Congressman Bishop creates his own political action committee

SAMANTHA BRIX FILE PHOTO | Congressman Tim Bishop said he's 'late to the party' in Congress when it comes to creating a PAC.

Facing what could be the biggest challenge of his political career, Congressman Tim Bishop recently formed his own political action committee, or PAC, a move the fifth-term congressman says enables him to help other Democrats raise cash without dipping into his own campaign fund.

Mr. Bishop (D-Southampton) said he formed BISHOP (Building Infrastructure Harnessing Our Priorities) PAC as a new outlet to raise funds for other Democrats on Capitol Hill who face tight races in 2012.

“I can raise money separately for the PAC and use that money to contribute to the campaign funds of Democrats positioned similarly to me,” Mr. Bishop said in a telephone interview Thursday. “In the past, I’ve transferred money from my campaign. This will enable me to help other Democrats without taking money out of my campaign fund.

“Quite honestly, I’ll need every penny from my campaign this year,” he added.

That’s because Mr. Bishop faces a likely rematch with Republican hopeful Randy Altschuler, the St. James businessman Mr. Bishop edged by just 593 votes when he won re-election in 2010.

Mr. Altschuler declared his intention early in 2011 to challenge Mr. Bishop again, and he’s received early support from two Republican heavy hitters, Suffolk County Republican Committee chairman John Jay LaValle and former N.Y. Governor George Pataki. Campaign disclosure reports for Mr. Altschuler, who poured $3 million into his own campaign in 2010, already show more than $420,000 in cash on hand.

Records show that Mr. Bishop’s daughter, Molly, a longtime political consultant who specializes in fundraising, filed paperwork to form BISHOP PAC on Nov. 10, 2011, two days after Election Day. Ms. Bishop is listed as treasurer of the committee, which is registered as a Leadership PAC free to contribute to multiple campaigns.

Critics of political action committees connected to individual politicians have been skeptical of the growing practice, saying it gives elected officials certain freedoms not bestowed upon traditional campaign committees, even if direct transfers from a PAC to an official’s campaign fund are not permitted. For example, an elected official can use PAC money to pay for travel expenses or to hire additional campaign staff. And PACs have the option of filing finance reports only quarterly, free of certain pre- and post-Election Day filings.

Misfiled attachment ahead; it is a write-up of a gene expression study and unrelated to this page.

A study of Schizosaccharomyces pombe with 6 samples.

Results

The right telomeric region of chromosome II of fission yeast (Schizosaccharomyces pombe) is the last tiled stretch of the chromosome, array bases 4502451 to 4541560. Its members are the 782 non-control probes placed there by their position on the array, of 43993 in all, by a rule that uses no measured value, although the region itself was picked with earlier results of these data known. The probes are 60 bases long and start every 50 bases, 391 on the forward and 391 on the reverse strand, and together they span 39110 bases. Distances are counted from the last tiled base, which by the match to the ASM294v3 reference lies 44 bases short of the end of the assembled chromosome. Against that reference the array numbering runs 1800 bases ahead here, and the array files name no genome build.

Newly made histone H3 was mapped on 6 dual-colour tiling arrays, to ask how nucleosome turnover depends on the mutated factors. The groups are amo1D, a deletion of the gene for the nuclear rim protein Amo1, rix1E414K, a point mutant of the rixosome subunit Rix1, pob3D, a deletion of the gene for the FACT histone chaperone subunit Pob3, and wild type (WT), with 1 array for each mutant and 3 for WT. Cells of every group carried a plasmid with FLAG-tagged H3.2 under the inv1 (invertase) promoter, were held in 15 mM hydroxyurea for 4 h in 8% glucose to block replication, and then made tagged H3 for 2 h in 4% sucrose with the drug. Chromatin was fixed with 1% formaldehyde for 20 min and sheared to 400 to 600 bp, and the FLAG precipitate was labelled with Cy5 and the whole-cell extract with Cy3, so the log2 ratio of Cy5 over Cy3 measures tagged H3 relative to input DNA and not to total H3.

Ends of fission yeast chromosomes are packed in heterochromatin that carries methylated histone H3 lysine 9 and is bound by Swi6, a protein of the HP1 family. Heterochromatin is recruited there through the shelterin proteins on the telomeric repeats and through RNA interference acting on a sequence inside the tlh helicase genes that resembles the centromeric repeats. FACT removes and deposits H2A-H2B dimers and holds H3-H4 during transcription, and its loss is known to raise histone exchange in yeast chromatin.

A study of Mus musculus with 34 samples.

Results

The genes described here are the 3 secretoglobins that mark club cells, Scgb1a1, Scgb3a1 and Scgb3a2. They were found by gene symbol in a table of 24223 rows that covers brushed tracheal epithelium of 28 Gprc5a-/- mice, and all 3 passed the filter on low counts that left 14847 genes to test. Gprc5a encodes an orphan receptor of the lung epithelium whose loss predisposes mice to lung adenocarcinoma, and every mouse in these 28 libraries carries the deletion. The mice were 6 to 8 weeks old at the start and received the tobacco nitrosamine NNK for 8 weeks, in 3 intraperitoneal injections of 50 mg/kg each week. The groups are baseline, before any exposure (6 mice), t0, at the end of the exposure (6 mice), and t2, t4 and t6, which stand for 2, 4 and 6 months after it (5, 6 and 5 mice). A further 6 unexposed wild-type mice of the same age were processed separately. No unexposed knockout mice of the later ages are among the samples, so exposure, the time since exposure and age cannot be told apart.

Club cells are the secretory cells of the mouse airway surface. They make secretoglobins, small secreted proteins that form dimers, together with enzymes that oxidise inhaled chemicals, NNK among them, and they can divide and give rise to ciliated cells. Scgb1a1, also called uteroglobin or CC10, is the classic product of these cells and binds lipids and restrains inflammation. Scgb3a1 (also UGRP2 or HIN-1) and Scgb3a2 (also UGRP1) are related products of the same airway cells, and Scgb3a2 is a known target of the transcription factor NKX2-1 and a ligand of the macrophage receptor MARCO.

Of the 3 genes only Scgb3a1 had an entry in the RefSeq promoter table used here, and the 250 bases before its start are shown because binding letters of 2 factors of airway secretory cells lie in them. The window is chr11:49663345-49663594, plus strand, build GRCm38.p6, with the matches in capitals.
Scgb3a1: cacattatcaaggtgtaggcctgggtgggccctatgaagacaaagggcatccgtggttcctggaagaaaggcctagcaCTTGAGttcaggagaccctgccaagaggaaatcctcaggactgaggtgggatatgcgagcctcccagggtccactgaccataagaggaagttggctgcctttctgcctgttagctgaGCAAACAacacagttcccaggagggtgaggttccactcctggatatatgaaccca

Mr. Bishop says he doesn’t plan to take advantage of any of those freedoms.

“What traveling?” he said. “I don’t travel much outside of what I do for my job and that’s reimbursed by the federal government.”

Mr. Bishop said he plans to have the same size campaign staff he had in 2010, employing a campaign manager, field director and several field operatives. His PAC will also use the more stringent option of filing monthly campaign finance reports, though its December report showed it had yet to raise any funds.

Mr. Bishop estimated there are between 150 and 200 PACs connected to Congress, a strategy employed on both sides of the aisle.
“It’s very common,” he said. “I’m late to the party.”

Though he expects a tight race in 2012, Mr. Bishop, whose campaign fund reported just under $1 million cash on hand in September, said he’s been pleased both by the response from the public as he’s made his way through his East End district and by data compiled in polling conducted in conjunction with other key Suffolk races.

He said county Democrats included questions about Mr. Bishop in polling they did for the recent campaigns of Suffolk County Executive Steve Bellone, Brookhaven Town Supervisor Mark Lesko and other races for the Legislature.

Favorables, which he said sank to the high teens and low 20s in polling conducted during the health care debate, are back into the high 40s and low 50s.

The D.C.-based political blog Politico recently included the Bishop seat as one of 10 key races in Congress this year.

“Bishop’s Long Island-area seat has emerged as one of the most competitive in the country,” Politico wrote. “The district has alternated between supporting Democrats and Republicans in the past three presidential elections. If Republicans can win here, it will indicate that they’ve won the backing of upper-income suburban white voters who favored Democrats in 2008.”